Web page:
Aug 01 2018

Georgia Unveils Cybersecurity Center with Workforce Development in Mind

The $100 million facility is designed to foster collaboration with academia and industry, spur cybersecurity training and create IT security jobs.

When Georgia opened its new Cyber Center in July, it also opened a door to the future.

On July 10, the state officially unveiled the center, which spans 332,000 square feet in two adjacent buildings. The first building to open is the Hull McKnight Building. At $100 million, the center represents the single largest investment in a cybersecurity facility by a state government to date, officials say.

Georgia CIO Calvin Rhodes, executive director of the Georgia Technology Authority, told StateTech last year that the center would foster collaboration on constantly evolving cybersecurity threats. In remarks at the center’s opening, Rhodes and others involved in the project echoed those themes.

Georgia officials see the center not just as a marker that the state intends to lead on cybersecurity, but also as a way to train the IT security workforce of the future and nurture closer relationships among academia, the private sector and government.

SIGN UP: Get more news from the StateTech newsletter in your inbox every two weeks!

Georgia Hopes to Fill the Cybersecurity Workforce Pipeline

The center sits on Augusta University’s Riverfront campus and was spearheaded by Gov. Nathan Deal at the urging of Augusta businessmen James M. Hull and William D. McKnight, according to the Augusta Chronicle. (The second building in the complex will be called the Schaffer MacCartney Building in honor of Michael Schaffer and Teresa MacCartney, who worked on the overall project, the Chronicle reports.)

Georgia is positioning the center as a unique public-private collaboration that includes Augusta University, Augusta Technical College, research institutions of the University System of Georgia (USG), the Technical College System of Georgia (TCSG), the city of Augusta, the Georgia Bureau of Investigation (GBI), the Georgia Department of Defense and other state, federal and private-sector partners.

One of the center’s key missions is to help create the cybersecurity workforce of tomorrow. It’s going to be needed.

The U.S. currently employs nearly 770,000 people in cybersecurity positions and has about 302,000 cybersecurity openings, according to CyberSeek, a project supported by the National Initiative for Cybersecurity Education, a program of the Commerce Department’s National Institute of Standards and Technology. A report last year from Cybersecurity Ventures estimates that globally there will be 3.5 million unfilled cybersecurity positions by 2021.

“The first mission is what [Deal] says it’s about, which is workforce development, and bringing multiple different entities together in a much broader way,” Rhodes said at the opening, according to

More than 40,000 Georgia residents now work in cybersecurity, including about 13,000 in the Augusta area, the Atlanta Journal-Constitution reported in January. Many of them are intelligence analysts who work at nearby Fort Gordon, which is home to an Army Cyber Command headquarters and a major National Security Agency command post.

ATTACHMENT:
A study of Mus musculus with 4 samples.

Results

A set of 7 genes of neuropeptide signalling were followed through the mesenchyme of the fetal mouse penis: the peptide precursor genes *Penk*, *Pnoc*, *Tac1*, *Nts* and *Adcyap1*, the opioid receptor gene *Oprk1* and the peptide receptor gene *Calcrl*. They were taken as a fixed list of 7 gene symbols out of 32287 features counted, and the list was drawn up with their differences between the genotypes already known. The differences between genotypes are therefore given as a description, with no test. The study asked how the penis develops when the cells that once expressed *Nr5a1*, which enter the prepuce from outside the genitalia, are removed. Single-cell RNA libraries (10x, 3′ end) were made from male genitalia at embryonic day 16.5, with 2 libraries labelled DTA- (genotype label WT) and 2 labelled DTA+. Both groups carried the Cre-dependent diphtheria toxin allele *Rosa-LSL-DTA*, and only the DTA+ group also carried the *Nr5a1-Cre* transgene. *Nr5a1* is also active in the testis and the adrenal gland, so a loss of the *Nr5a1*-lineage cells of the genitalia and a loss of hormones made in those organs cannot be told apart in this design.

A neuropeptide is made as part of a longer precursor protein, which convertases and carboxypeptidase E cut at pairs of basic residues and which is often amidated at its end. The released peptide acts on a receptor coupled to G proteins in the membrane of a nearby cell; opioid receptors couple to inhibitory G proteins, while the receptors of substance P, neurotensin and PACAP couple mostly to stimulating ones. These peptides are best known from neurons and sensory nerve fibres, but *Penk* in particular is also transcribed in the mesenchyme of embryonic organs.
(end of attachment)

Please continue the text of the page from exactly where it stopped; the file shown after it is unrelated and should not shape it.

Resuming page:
The center will work with its academic partners to offer training in cybersecurity to help meet the demands of government agencies and private employers for skilled IT security workers.

Augusta Technical College will also offer courses in cyber learning labs at the center. “We see the vision of where the Cyber Center will go as something that will help us develop a curriculum and create a workforce that will grow the economy in this region and the state,” August Technical College President Terry Elam said in a statement.

“We’re skating to where the (hockey) puck is going,” said Michael Shaffer, Augusta University’s executive vice president of strategic partnerships and economic development, according to the Journal-Constitution.

The center, Rhodes added, will also foster collaboration among groups that have never worked together before, including Georgia’s technical and state college systems, as well as the GBI, the FBI, and the Department of Homeland Security. “I think the really fascinating thing that’s happening here is the number of different areas that the Cyber Center will touch,” Rhodes said, according to

Center Aims to Spur Collaboration on Cybersecurity

In addition to a 340-seat auditorium and restricted access areas that meet classified and high-security needs, the center offers numerous spaces designed to encourage collaboration on cybersecurity.

The Georgia Cyber Range will be available to students, industry and government professionals for education and training, product development, offensive and defensive competition and more, according to a press release.

Additionally, the GBI’s newly created Cyber Crime Center will be housed in the building, allowing law enforcement professionals throughout the state to access the bureau’s expertise in digital forensics, according to the center.

In terms of academics, Augusta University and Augusta Technical College will collaborate in a new partnership that places a USG school alongside a TCSG school, allowing them to share classes and resources.

And, an Augusta-based nonprofit, will manage an incubator and accelerator program to foster innovation and entrepreneurship in cybersecurity.

Photo courtesy of the Georgia Cyber Center

Learn from Your Peers

What can you glean about security from other IT pros? Check out new CDW research and insight from our experts.